Games entice people to gather, particularly during cold winter months. They can evoke fond childhood memories of family members huddling around a kitchen table to play a board or card game while listening to parents or grandparents recount stories. Even as adults, the thrill of beating our opponents, our own best score or “lady luck” is shared across many cultures.
“Playing games is part of what makes us human,” said Ann McMullen, head of Collections Research and Documentation at the National Museum of the American Indian.
For millennia, Indigenous people throughout the Americas have played games that bring family, friends and communities together. Many were games of chance and centered around the throwing of dice made of materials such as bone, pottery, shell or even sticks. The dice would have different designs or colors on each side and, when they were tossed, the color or design that faced up determined the score. String games were played in many regions by Native peoples, from the Inuit in Alaska and Canada to the Navajo in the Southwest. Similar to “cat’s cradle,” these games involved weaving a piece of sinew or string into intricate patterns between two hands. The resulting designs could represent animals or other figures and some were a way to tell stories to children.
While many Indigenous games may have been pastimes, some were intended to train youth in skills they would need to survive or to showcase such skills in adults. Boys and girls in many regions were encouraged to play racing and running games to build stamina. Young hunters were given child-sized bow and arrow sets, spears or other hunting tools so they could practice hitting targets at early ages. “Chunkey,” played mainly by adult men, is thought to have originated about 2,500 years ago at Cahokia, a large Indigenous city near the Mississippi River in west-central Illinois. In this game, one player rolls a stone disc across the ground and the other throws a spear to try to get it as close to where the stone stops as possible.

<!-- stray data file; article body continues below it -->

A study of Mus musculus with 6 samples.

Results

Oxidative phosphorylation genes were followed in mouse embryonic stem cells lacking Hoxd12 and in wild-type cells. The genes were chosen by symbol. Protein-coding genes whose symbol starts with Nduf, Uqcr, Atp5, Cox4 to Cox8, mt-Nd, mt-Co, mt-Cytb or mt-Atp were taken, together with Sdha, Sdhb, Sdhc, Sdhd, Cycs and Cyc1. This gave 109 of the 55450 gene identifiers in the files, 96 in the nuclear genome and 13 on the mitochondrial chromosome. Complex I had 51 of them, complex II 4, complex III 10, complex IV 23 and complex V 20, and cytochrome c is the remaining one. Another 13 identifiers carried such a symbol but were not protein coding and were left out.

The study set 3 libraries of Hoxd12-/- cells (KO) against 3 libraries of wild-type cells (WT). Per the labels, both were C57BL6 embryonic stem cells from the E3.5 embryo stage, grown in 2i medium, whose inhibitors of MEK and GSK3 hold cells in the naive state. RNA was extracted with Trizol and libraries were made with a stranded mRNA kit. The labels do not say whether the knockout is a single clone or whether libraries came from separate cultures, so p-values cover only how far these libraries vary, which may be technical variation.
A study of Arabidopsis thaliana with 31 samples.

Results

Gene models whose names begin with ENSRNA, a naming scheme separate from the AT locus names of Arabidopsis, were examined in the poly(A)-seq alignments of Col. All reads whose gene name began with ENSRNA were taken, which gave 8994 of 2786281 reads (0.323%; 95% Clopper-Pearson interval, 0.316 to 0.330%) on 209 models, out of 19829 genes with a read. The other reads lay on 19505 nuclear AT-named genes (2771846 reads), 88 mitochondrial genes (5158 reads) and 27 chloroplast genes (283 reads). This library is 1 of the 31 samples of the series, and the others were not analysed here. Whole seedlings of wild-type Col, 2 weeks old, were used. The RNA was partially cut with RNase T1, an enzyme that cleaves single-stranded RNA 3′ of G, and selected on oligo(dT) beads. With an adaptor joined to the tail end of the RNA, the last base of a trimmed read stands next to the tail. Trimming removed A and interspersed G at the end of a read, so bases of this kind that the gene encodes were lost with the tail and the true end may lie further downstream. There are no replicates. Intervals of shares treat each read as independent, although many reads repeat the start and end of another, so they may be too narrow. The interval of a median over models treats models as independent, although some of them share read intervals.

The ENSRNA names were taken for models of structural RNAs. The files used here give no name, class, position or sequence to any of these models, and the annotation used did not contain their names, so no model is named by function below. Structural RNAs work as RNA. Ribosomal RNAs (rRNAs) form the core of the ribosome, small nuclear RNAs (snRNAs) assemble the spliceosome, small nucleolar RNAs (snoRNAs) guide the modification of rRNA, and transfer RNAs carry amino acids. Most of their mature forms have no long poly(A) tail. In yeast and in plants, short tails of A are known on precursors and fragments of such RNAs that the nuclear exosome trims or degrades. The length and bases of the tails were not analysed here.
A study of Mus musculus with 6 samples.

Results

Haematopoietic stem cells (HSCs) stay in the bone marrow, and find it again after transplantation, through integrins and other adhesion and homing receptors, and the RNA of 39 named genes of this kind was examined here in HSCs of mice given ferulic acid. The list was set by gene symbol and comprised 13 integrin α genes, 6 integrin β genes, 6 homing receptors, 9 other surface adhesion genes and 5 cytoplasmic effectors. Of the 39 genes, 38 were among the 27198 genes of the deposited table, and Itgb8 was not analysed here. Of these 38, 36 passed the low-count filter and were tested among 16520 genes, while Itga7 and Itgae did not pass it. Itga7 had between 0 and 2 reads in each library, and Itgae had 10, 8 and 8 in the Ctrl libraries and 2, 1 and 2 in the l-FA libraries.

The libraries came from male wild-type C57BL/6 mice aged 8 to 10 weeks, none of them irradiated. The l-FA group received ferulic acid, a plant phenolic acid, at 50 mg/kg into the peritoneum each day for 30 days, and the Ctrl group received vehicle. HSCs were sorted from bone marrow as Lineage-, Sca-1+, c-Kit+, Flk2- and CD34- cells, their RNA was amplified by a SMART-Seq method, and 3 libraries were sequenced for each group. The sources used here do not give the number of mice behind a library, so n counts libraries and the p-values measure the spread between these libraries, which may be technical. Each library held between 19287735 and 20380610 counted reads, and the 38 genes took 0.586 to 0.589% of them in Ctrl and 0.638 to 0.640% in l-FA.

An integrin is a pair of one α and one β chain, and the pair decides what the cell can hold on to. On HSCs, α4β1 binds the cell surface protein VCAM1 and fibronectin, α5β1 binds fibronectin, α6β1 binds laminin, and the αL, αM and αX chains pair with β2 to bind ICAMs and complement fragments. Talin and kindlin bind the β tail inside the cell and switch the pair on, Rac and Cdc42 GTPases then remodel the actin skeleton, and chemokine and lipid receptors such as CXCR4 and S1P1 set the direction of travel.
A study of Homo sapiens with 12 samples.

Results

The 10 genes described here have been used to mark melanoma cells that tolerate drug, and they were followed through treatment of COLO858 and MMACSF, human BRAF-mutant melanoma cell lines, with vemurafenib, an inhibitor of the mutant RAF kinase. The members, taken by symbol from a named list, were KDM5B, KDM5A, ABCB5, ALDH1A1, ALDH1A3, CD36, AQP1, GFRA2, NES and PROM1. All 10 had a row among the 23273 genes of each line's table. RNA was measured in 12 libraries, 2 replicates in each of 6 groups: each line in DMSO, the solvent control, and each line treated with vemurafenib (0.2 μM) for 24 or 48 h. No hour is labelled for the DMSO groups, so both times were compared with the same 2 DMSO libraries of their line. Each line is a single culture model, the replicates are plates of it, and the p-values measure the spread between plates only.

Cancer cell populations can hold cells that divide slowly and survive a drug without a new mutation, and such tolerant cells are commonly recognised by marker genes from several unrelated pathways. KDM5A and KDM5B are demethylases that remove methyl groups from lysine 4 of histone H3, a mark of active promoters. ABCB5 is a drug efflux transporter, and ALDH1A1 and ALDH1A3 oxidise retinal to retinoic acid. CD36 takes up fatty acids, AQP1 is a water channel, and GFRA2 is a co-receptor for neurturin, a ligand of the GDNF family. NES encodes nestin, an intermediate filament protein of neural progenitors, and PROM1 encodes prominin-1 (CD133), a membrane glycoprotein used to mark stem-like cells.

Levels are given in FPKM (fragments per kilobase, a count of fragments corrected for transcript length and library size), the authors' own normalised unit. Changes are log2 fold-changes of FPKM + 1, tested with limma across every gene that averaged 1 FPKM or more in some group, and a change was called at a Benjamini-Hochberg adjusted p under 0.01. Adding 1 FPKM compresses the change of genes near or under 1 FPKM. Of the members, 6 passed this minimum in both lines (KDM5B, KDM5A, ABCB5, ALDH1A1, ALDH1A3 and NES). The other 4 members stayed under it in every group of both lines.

Competitions, particularly team sports, were a way to not only build athletic prowess but also settle disputes. “People tend to think of games as being childish,” said McMullen. “In Native America and other parts of the world, there are games that were tremendously important because they served as ways for people who were not necessarily friendly to work out their differences without physical violence.”
Lacrosse, originally played only by men, is said to have been a gift from the Creator to the peoples of the eastern United States and Canada. Both this game and stickball, which was commonly played by members of Great Lakes and southeastern tribes such as the Meskwaki, Ojibwa and Ho-Chunk, were sometimes called the “little brother of war.” In stickball, players run down a long field and take turns using a stick with a webbed pocket at the top to lob a leather-covered ball back and forth to teammates. At the end of the field is a pole, and whoever has the ball must touch the pole to score points. Women also played double-ball, or shinney, using sticks with curved ends and leather-covered balls. All three are rigorous games, and the male and female athletes who play them today are highly respected.
Similar to the Olympics in ancient Greece, games could encourage peace. McMullen said, “The spirit of competition and excellence in performance could win the day.”
The National Museum of the American Indian has hundreds of game items in its collection. The following includes a few examples currently in the museum’s “As We Grow: Traditions, Toys, and Games” display that is part of the greater “Windows on Collections” exhibition at the museum in Washington, D.C.